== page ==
As the holiday spirit enveloped Botanical Interests home office, our minds all started to shift towards food. We excitedly shared recipes, brought in food to taste, and even had a competition or two to see who could make the best or most interesting dish. My favorite aspect of the holidays is people coming together around food, and that alone made work a little more fun. While we were celebrating, it was obvious that we all had enough to eat and could afford some of the luxuries of the season. But what about those who don’t?
I am sure that we all have something special to give, so I had to ask, “What could Botanical Interests do to make a contribution in the spirit of the season but also reflect our special type of gift?” Then the answer came…SEEDS! But honestly that is my answer to a lot of questions in life…go figure. How could our seeds make a difference to those who have less, this time of year or any other?
We decided to donate LOTS of seed to organizations that help to feed people in our area and who also utilize gardens to help supplement peoples’ diets with healthful, local, fresh food. We found some really amazing organizations in our area to share with. We may have helped them fill some of the needs of their patrons, but they gave me a much appreciated understanding of who are in need, what is helpful, and a glimpse of the immense amount of compassion at work in our community.
The Sister Carmen Community Center has been serving communities in Eastern Boulder County for over 30 years. They provide a complete array of individual and family services to those in need without discrimination. The Botanical Interests seed donation I brought them will be used to enhance their Nutrition and Healthy Living program. This program includes their food bank, which is supplemented by the onsite organic garden. Fresh produce from the garden is used to supplement the food bank’s offerings but it does much more. The garden is a place where neighbors come to meet, learn about organic food production, and share in the gratifying process of providing their own food.
Talking to Dee Zucco, the Development Director, about the organic garden helped reinforce that, regardless of means, gardening is an important part of enriching the human experience. I also learned that the demographics of food bank patrons have changed in recent years. Many previously well-off people now struggle with food security on a daily basis and can look to their gardens as a practical means of sustenance during hard financial times. With this realization, I became even more grateful for the chance to have our seeds not only in the Sister Carmen organic garden, but also on the food bank shelves as a part of their holistic approach to nutrition and healthy living. The care and service that Sister Carmen Community Center provides to their community is a humbling thing and worth checking out for yourself at http://www.sistercarmen.org.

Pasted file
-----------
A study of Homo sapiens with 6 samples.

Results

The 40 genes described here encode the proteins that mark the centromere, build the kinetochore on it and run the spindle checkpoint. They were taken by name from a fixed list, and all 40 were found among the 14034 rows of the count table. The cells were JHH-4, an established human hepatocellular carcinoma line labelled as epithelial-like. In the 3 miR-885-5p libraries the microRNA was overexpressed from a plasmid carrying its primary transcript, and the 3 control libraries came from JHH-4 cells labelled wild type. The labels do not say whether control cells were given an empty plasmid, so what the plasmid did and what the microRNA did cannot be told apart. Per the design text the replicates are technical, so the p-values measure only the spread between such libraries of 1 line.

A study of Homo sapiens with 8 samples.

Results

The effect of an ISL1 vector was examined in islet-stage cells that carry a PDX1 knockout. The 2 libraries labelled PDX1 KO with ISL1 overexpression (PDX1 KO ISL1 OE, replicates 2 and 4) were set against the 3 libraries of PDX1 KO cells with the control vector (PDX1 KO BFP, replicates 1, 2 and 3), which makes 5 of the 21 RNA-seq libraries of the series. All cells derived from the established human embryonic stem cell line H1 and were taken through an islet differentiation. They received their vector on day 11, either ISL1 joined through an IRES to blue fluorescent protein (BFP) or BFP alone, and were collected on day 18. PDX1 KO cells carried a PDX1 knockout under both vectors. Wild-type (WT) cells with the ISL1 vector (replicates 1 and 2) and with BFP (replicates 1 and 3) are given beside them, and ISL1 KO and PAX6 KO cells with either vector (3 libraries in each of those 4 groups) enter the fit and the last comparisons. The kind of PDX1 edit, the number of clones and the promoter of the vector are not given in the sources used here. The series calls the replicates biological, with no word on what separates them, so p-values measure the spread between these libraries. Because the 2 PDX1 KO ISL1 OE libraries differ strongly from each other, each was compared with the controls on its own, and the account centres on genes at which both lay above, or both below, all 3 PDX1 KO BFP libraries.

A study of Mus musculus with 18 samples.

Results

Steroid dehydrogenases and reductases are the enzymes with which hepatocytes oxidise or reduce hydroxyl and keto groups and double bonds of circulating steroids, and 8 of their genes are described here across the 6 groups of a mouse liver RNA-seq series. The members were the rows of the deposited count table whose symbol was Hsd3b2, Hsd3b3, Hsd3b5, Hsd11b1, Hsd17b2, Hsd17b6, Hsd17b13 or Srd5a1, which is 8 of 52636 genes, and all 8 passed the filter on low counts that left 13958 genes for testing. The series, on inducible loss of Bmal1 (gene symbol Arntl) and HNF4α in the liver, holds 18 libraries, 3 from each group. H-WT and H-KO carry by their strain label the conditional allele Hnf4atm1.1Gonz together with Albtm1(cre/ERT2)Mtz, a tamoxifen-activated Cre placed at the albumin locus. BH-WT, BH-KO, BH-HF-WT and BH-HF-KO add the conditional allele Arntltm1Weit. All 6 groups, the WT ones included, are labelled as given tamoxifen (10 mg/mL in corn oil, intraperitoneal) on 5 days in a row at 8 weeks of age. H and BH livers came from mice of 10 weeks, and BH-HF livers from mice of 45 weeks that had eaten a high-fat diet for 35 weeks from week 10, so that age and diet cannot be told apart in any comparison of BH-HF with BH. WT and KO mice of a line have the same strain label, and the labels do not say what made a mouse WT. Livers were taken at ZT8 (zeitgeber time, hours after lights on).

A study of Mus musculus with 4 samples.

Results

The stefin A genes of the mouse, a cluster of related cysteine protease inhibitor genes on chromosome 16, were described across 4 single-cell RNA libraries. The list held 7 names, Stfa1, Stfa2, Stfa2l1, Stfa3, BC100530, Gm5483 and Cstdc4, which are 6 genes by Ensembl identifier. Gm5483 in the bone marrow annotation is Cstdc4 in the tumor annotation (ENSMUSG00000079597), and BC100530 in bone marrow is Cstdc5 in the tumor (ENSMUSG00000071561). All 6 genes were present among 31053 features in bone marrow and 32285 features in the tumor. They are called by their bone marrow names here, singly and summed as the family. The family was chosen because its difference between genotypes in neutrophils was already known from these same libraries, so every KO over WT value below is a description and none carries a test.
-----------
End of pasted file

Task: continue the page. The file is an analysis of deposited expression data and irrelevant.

Growing Gardens is a local award winning organization that seeks to “enrich the lives of our community through sustainable urban agriculture”. When I met with Lauren Richardson, their Greenhouse Manager, it was a cold, snowy day, but the potential of the gardens was obvious. As we took photos in the manure spreader, she described their programs to me and I knew right away that this was a friendship and partnership that was meant to last. The only way to get a feel for their amazing programs is by looking for yourself at their website, www.growinggardens.org. They serve the agricultural needs of every segment of the local population; their contributions are impressive. Their 11 community gardens provide access to plots for over 1400 local gardeners. The “Children’s Peace Garden” program taught 3,800 kids about their food sources and how to grow and cook simple recipes from the gardens. They implemented a 50-member Community Supported Agriculture program (CSA), the “Cultiva Youth Project”. Teens planted, cultivated and harvested produce on their 2-acre garden. Many of the proceeds from the CSA were donated to those in need in the community. Over 3,100 low-income individuals received donations of over 10,000 plant starts, 400 seed packets and over 12,000 lbs. of produce were donated. WOW!
The potential of urban agriculture was evident in the passionate descriptions of programs by Lauren and measurable results of Growing Gardens. It is wonderful to know that Botanical Interests’ seeds are going to fuel this engine of change in our community.
It is humbling and refreshing to witness what people with a passion for community, horticulture, and giving of themselves can do to feed the bodies and hearts of their neighbors. If we all make a little contribution to the things we find important for our communities we can make sure everyone has what they need, regardless of time of year.
I feel honored to say thank you on behalf of Botanical Interests for letting us be part of bettering our community. We hope you get the same chance. In 2013 we look forward to joining you in your gardens, your communities and your hearts…you are in ours.